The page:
Tax and Entrepreneurship
While the economic climate for businesses in Ireland has improved in recent years there is still a lot more to be done to help Irish entrepreneurs and their businesses to succeed in a climate of heightened uncertainty. Initial results from a recent Deloitte entrepreneurs’ survey highlight the crucial role of the taxation system in supporting entrepreneurs and how it influences their decision making at each stage of the entrepreneurial journey. Examples of such decisions include how to fund their business, where different functions within the business should be based, how best to fund personal living expenses whilst still maintaining sufficient capital to grow the business and ultimately when and how to exit. Our domestic tax system is key in propelling our entrepreneurial sector and it is imperative that the system incentivises innovation, encourages longevity and does not punish failure. In this regard, we note the following areas of taxation as key to enhancing Ireland’s attractiveness to entrepreneurs when compared with our nearest neighbours:
CGT entrepreneur relief
The lack of attractiveness of Ireland’s entrepreneur relief, when compared to the UK equivalent, have led to repeated calls for the Irish regime to be aligned with the UK system. As many will be aware, under the UK regime a 10% CGT rate applies on gains up to £10 million whereas under the Irish regime the lower rate only applies on gains of up to €1 million in a lifetime.
Some commentators would argue that the cost to the exchequer is not justified as entrepreneurs do not make business to set up a company based on tax rates. However, one of the key benefits of entrepreneur relief is that entrepreneurs would have more capital to foster and grow their next venture. We need to be encouraging serial entrepreneurs.
The recent Tax Strategy Group (TSG) report also acknowledged that reduced CGT can also boost entrepreneurship and investment from those not directly involved in the management of the companies.
With significant uncertainty remaining as to what form Brexit will take, and with many entrepreneurs evaluating where they will base themselves in a post-Brexit world, any changes to attract them to Ireland have to be welcomed.
There may be a variety of commercial reasons why an Irish trading group would be held by a Holding Company which would ultimately sell the operating companies. In such a scenario, entrepreneur relief is not available to shareholders when they ultimately wind up the Holding Company. The corresponding UK regime allows the relief to shareholders in such scenarios, subject to some restrictions, and this is an area that there is merit to be considered in Ireland.
Tax efficient financing arrangement
Another avenue for the government to support entrepreneurial activity would be the introduction of a tax efficient financing arrangement for SMEs. This could include the introduction of a special loan finance arrangement whereby individuals could lend money to SMEs and, provided certain safeguards are in place, the individual would be taxed on the interest received at the standard rate of income tax (i.e. 20%) as opposed to the marginal rate of income tax (i.e. up to 55%). At a time when interest rates being offered by banks remain at historic lows, the introduction of such an incentive could provide SMEs with much needed funding and an incentive for individuals to provide them with funding. Such a regime would also compliment the EIIS scheme, which provides tax relief for individuals making equity investments in companies.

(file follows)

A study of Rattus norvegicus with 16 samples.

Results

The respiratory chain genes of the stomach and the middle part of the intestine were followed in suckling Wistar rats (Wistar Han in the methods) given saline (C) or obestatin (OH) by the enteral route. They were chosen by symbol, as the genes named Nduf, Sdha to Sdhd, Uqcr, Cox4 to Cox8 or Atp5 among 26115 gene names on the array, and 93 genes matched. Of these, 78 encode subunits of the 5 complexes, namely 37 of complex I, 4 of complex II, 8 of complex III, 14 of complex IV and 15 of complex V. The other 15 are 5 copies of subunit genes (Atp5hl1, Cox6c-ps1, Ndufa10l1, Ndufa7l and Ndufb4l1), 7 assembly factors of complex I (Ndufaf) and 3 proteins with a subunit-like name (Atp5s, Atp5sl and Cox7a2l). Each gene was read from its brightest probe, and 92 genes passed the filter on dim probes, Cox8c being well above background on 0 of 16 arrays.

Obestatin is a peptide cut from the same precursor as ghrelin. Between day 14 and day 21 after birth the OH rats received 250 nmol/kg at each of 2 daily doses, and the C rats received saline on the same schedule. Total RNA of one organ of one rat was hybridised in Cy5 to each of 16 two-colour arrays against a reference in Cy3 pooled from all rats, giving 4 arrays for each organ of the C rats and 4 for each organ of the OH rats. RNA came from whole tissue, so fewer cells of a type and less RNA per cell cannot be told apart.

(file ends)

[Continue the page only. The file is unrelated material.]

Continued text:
While the EIIS provides some finance options to SMEs the scheme is overly cumbersome, particularly with respect to follow up investment for which relief is no longer allowed where the original business plan did not explicitly state that this follow on investment was foreseen. The number of applications in 2017 was half that in 2016 and investor appetite for this scheme has certainly waned.
Similar to Entrepreneur Relief, the Irish EIIS regime is lacking when directly compared to the UK regime. Income tax relief is available in both Ireland and the UK but in addition to providing for more generous company and investor limits, the UK regime enables UK investors to sell their shares without any CGT (in Ireland CGT applies at a rate of 33%). We would like to see the Irish EIIS being enhanced to bring it in line with the corresponding UK relief.
In order to further support and encourage entrepreneurs, amendments to Entrepreneur relief and the EIIS are required to bring these reliefs more in line with their UK equivalents. For those investors that are not influenced by tax rates, support should be provided by way of introducing a tax efficient financing arrangement for SMEs.
While there may be changes to entrepreneur relief, any changes are not expected to be sufficient to bring the Irish regime in line with the UK regime. It might be the case that more fundamental changes would make a bolder statement of intent, particularly with a view to attracting entrepreneurs to Ireland post-Brexit.
It is unlikely we will see any major changes to EIIS, or the introduction of a new SME financing regime, but at least signalling the intent to evaluate such changes, or similar ones, would be a hugely welcome step in acknowledging the need to do more to support indigenous businesses.